January 17, 2006
We had to get up at 4:00 this morning. There's a great viewpoint of the Torres del Paine about an hour from camp, and we wanted to get to it before sunrise. We had walked part way up the trail yesterday afternoon, so we had a good idea of where we needed to go. The problem was that it wasn't really a trail; it was more of an exercise in climbing up a bunch of rocks for an hour. This was fine during daylight because the general direction was marked by red dots painted on every few rocks. However, before sunrise, the dots weren't visible. Neither was much else.
We got lost almost immediately. Tony and I also lost contact with John. Still, as long as we kept going uphill, we figured we'd be fine. Suddenly, the rocks turned into sand, which made for a tough climb. Then, then sand ended and we entered the forest. We were definitely far from the trail at that point. The brush was really thick, so every inch was a fight. At some point, I lost my lens cap when it got knocked off of my camera. I was beginning to get frustrated because the sky was getting brighter and I couldn't see the towers yet. I didn't want to come all that way just to miss the sunrise over the towers, which was supposed to be the best part of the whole trip. After all, every postcard of the national park features the towers stained blood red by the rising sun's light.
Finally, I saw the top of the tallest tower poke out above the forest. I got some new motivation and scurried up the hill, about ten minutes before the light was at its finest. Strangely, I didn't notice anyone else around, but my view was perfect, so I stayed put. The top of the towers did indeed turn red, although it wasn't nearly as good as in the postcards. After ten minutes of redness, the light suddenly faded and the moment was gone. The day had begun.
It was windy and cold, so I was ready to go back down. Tony and John found me at that point, and we went down together. We also noticed that we were far above the official mirador, so we had a much better view than everyone else. Sometimes getting lost has its benefits.
We went down to camp, ate porridge for breakfast, and took a nap for an hour before packing up and heading out. It was a three-hour walk back to Hosteria Las Torres, where we started yesterday. Until that point, we had spent our entire trek on the "W," and there were other tourists everywhere. Some were just doing a day or two; others were walking the whole five days. Next, we were going to begin our three or four day section outside of the "W." Sure enough, as soon as we started our four-hour walk to the end of the day, the people disappeared. We were practically the only ones on the trail, which became a problem almost right away.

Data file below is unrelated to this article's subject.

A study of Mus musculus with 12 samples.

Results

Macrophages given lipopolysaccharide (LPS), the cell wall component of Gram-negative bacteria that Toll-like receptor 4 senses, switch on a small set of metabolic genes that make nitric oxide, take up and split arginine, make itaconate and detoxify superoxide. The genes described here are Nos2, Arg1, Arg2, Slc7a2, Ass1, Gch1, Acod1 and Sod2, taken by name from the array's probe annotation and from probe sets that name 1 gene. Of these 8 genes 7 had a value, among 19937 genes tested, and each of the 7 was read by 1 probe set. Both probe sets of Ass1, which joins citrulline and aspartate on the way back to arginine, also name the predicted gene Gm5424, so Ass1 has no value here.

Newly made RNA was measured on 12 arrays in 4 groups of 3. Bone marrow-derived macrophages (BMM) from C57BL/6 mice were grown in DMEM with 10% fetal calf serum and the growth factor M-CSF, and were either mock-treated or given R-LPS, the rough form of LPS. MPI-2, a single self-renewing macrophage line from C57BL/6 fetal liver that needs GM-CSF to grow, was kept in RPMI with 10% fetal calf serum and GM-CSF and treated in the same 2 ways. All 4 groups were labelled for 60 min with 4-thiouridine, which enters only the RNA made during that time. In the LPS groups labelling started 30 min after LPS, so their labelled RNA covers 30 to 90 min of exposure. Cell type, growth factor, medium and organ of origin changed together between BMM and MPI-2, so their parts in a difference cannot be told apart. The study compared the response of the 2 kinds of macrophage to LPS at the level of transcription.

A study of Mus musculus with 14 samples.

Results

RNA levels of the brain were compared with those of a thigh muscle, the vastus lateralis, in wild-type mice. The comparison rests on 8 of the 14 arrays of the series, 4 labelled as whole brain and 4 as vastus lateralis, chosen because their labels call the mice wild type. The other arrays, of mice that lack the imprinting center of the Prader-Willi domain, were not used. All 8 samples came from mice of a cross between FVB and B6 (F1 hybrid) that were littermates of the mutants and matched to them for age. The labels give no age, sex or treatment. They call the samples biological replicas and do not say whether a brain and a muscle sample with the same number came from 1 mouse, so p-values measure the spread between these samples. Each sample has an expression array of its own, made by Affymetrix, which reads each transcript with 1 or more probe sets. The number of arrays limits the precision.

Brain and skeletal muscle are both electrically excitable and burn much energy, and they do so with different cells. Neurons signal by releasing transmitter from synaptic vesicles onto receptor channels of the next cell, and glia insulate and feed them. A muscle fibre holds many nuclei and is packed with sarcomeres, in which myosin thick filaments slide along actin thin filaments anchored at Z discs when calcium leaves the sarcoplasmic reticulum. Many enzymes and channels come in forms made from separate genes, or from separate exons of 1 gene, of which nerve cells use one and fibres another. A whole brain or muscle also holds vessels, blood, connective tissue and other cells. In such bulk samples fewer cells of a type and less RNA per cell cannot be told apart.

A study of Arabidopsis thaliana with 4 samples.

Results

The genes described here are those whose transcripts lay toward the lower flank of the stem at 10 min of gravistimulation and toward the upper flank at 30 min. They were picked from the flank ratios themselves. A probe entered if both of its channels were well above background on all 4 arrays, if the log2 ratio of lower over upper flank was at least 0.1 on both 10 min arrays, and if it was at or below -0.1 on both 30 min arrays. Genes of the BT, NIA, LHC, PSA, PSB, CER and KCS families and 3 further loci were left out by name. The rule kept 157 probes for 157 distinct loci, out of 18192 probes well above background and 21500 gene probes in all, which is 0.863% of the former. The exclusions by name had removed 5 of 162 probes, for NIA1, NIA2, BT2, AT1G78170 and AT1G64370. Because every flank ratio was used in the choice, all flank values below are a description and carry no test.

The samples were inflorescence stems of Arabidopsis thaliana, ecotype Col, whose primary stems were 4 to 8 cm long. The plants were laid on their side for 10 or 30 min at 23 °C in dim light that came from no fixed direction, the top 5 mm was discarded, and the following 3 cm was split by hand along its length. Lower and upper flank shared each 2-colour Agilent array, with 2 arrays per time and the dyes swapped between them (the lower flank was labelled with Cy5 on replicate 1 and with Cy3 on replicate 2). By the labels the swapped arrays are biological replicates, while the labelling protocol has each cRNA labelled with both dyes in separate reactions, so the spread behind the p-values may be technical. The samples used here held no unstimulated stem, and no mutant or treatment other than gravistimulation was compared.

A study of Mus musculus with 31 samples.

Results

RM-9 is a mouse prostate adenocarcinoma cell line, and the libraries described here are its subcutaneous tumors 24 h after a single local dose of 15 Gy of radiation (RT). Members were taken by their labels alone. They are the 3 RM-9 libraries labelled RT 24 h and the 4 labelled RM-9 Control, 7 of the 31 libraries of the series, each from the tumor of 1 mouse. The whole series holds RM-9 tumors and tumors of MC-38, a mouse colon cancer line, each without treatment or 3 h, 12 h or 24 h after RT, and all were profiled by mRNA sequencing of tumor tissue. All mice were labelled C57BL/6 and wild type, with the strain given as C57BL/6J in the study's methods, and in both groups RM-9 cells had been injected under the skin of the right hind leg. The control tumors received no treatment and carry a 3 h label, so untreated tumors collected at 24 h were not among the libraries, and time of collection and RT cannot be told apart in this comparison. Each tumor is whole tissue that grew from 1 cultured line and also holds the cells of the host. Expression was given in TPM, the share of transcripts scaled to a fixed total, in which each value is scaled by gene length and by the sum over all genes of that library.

Tony and I got a few minutes ahead of John, which normally wouldn't be a big deal, but this time, we approached a fork in the path. One part of the path went straight, the other part went left. There were two signs: one telling us to go left, and another stating not to go straight. Tony and I thought the directions were unambiguous and continued on without thinking anything of it. We stopped for a quick drink of water a few minutes later, and figured we should wait for John.
Twenty minutes passed and John still hadn't shown up. We figured that he either got hurt and needed someone to help him, or didn't see the signs stating to turn and got lost. Tony stayed behind with our backpacks while I went to look for John. I traced our route back for several minutes, but still saw no sign of him. Next, I went back to the road we weren't supposed to go down. All there was was some guy's house followed by a thick marshy area. There was no trail in sight. I figured that he'd for sure know that something was wrong and wouldn't have gone that way. Still, him being lost appeared to be the only possible explanation, given that I couldn't find him.
I walked back to where Tony was sitting. We looked at the map and decided that if John kept walking in the wrong direction, he would eventually hit another trail and would be able to continue from there. Then a couple passed us and told us that there wasn't anyone on the trail who was hurt, so the only possibility was that John was lost.
Figuring that John might already be on the other trail, we continued without him and got to the campsite a few hours later. Just when we were talking about how long we should wait before sending out a search-and-rescue squad, John showed up. He had indeed not seen either of the signs and gotten lost, but he found the trail later. I know it's not a really exciting ending to the story, but John was OK, which is the most important thing.
After hiking for nine hours, we were all thoroughly worn out at the end of the day. We set up camp at Seron and only had a few hours of daylight left to cook dinner. John made another fantastic soup. We had to pay to camp this time, so not wanting my money to go to waste, I took a shower. It was ice cold, so I wished I had been content with being dirty and smelly.
We had originally planned to go on the trek for eight days, but Tony studied the map today and figured out that it would be possible to do it in seven. It would require hiking for ten hours tomorrow, but it was our only choice because Tony had to get back to Lima soon after our trek finished. (Lima is a loooong way from Torres del Paine. It's where I started my trip four months ago.) Given how long our day was today, it was easy for me to get the rest I would need for another tough day tomorrow.
The photo album for this entry is here.